Show Summary Details

Page of

PRINTED FROM OXFORD HANDBOOKS ONLINE (www.oxfordhandbooks.com). © Oxford University Press, 2018. All Rights Reserved. Under the terms of the licence agreement, an individual user may print out a PDF of a single chapter of a title in Oxford Handbooks Online for personal use (for details see Privacy Policy and Legal Notice).

date: 18 September 2019

Abstract and Keywords

Studies of populism increasingly theorize about its causes. Most arguments highlight the rational, material side of populist appeals or their connection to political identity. However, these arguments focus on regional varieties of populism, give little attention to the individual level of voter cognition, and overlook the role of populist ideas. In this chapter, we outline and critique these theories while offering a new approach. This theory builds on the ideational definition championed by other contributors to the Handbook, arguing that populism is a normative response to perceived crises of democratic legitimacy. Populist attitudes are not invented by politicians to fill a gap in the citizens’ psyche, but constitute a pre-existing set of beliefs that can be activated under certain contexts.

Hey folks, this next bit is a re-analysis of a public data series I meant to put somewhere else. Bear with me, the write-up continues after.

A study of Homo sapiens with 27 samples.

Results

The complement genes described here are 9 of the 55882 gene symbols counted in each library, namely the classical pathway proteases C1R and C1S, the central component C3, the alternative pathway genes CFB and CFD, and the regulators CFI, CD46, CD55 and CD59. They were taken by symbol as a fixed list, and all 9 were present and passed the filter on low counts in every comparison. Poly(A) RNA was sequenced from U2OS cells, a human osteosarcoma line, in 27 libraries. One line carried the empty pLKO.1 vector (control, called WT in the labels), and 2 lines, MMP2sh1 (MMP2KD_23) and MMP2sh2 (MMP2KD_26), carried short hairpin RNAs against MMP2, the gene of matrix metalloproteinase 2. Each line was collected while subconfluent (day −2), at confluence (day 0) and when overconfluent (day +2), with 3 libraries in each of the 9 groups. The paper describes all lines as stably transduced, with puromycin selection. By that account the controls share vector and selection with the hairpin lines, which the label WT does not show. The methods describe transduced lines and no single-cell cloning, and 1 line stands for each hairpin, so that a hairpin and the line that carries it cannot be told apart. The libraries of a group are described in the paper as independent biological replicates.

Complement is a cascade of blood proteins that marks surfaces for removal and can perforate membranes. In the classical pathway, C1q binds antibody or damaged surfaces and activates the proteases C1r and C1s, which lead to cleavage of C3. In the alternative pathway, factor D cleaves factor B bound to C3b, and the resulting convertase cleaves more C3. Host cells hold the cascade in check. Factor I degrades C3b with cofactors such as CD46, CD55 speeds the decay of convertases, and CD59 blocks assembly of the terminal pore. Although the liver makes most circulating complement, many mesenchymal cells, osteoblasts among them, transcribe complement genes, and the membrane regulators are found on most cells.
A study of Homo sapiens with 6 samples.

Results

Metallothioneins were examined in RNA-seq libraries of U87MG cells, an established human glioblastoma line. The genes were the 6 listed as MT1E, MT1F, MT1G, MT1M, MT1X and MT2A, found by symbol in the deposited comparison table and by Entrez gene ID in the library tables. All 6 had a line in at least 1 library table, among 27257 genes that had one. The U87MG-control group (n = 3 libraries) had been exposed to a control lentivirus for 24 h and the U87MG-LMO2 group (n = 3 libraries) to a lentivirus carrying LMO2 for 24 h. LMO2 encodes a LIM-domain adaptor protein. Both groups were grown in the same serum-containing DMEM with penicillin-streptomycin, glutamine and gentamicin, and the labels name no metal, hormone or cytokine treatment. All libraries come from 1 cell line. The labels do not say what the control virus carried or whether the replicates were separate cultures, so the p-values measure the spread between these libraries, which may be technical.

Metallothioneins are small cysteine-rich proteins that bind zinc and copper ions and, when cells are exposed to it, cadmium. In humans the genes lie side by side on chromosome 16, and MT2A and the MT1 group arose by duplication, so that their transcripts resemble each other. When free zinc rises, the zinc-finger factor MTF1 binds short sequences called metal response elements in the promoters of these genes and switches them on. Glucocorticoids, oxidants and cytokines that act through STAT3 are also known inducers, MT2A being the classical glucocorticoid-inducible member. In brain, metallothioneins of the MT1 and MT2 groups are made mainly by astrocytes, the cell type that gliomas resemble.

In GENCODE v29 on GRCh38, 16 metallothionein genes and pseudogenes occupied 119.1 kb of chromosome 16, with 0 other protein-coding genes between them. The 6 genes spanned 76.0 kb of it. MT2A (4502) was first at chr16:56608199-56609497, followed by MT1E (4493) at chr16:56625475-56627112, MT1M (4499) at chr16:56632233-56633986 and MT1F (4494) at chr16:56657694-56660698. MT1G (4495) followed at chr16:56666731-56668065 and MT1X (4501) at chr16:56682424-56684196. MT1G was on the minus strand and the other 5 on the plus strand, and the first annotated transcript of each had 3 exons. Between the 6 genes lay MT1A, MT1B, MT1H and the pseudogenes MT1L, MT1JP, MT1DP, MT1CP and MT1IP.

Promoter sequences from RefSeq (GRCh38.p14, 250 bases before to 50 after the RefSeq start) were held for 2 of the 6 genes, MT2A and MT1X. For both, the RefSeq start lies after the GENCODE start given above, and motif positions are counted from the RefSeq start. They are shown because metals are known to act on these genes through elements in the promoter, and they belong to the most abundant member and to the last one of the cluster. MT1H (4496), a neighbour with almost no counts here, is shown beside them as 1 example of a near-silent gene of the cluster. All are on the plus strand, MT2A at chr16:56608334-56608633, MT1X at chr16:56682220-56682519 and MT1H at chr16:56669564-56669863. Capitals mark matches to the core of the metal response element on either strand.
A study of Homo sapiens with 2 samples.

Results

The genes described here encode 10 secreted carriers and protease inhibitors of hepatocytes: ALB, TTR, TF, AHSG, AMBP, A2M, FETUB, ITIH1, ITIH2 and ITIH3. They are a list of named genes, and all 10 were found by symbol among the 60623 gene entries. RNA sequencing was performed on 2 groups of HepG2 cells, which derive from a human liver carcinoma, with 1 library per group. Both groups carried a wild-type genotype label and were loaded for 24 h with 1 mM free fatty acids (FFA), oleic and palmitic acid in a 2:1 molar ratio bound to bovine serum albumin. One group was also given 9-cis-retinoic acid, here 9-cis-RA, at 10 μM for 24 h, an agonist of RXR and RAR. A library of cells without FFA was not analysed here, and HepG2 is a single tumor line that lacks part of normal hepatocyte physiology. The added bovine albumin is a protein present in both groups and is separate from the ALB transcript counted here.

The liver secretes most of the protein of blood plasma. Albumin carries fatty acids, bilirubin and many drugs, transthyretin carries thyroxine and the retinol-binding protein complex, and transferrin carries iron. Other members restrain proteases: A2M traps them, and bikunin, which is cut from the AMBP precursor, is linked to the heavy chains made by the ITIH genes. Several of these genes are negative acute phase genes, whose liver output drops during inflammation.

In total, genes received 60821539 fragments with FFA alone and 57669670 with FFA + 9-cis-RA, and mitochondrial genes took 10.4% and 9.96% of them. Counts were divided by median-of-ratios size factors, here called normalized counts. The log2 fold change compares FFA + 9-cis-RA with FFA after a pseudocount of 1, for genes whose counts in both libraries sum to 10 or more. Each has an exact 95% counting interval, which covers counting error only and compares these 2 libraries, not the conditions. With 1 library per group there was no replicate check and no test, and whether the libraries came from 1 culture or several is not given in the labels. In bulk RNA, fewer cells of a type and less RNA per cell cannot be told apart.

Keywords: populism, ideational, causal arguments, theories, attitudes, individual level, rational-choice, identity

Access to the complete content on Oxford Handbooks Online requires a subscription or purchase. Public users are able to search the site and view the abstracts and keywords for each book and chapter without a subscription.

Please subscribe or login to access full text content.

If you have purchased a print title that contains an access token, please see the token for information about how to register your code.

For questions on access or troubleshooting, please check our FAQs, and if you can''t find the answer there, please contact us.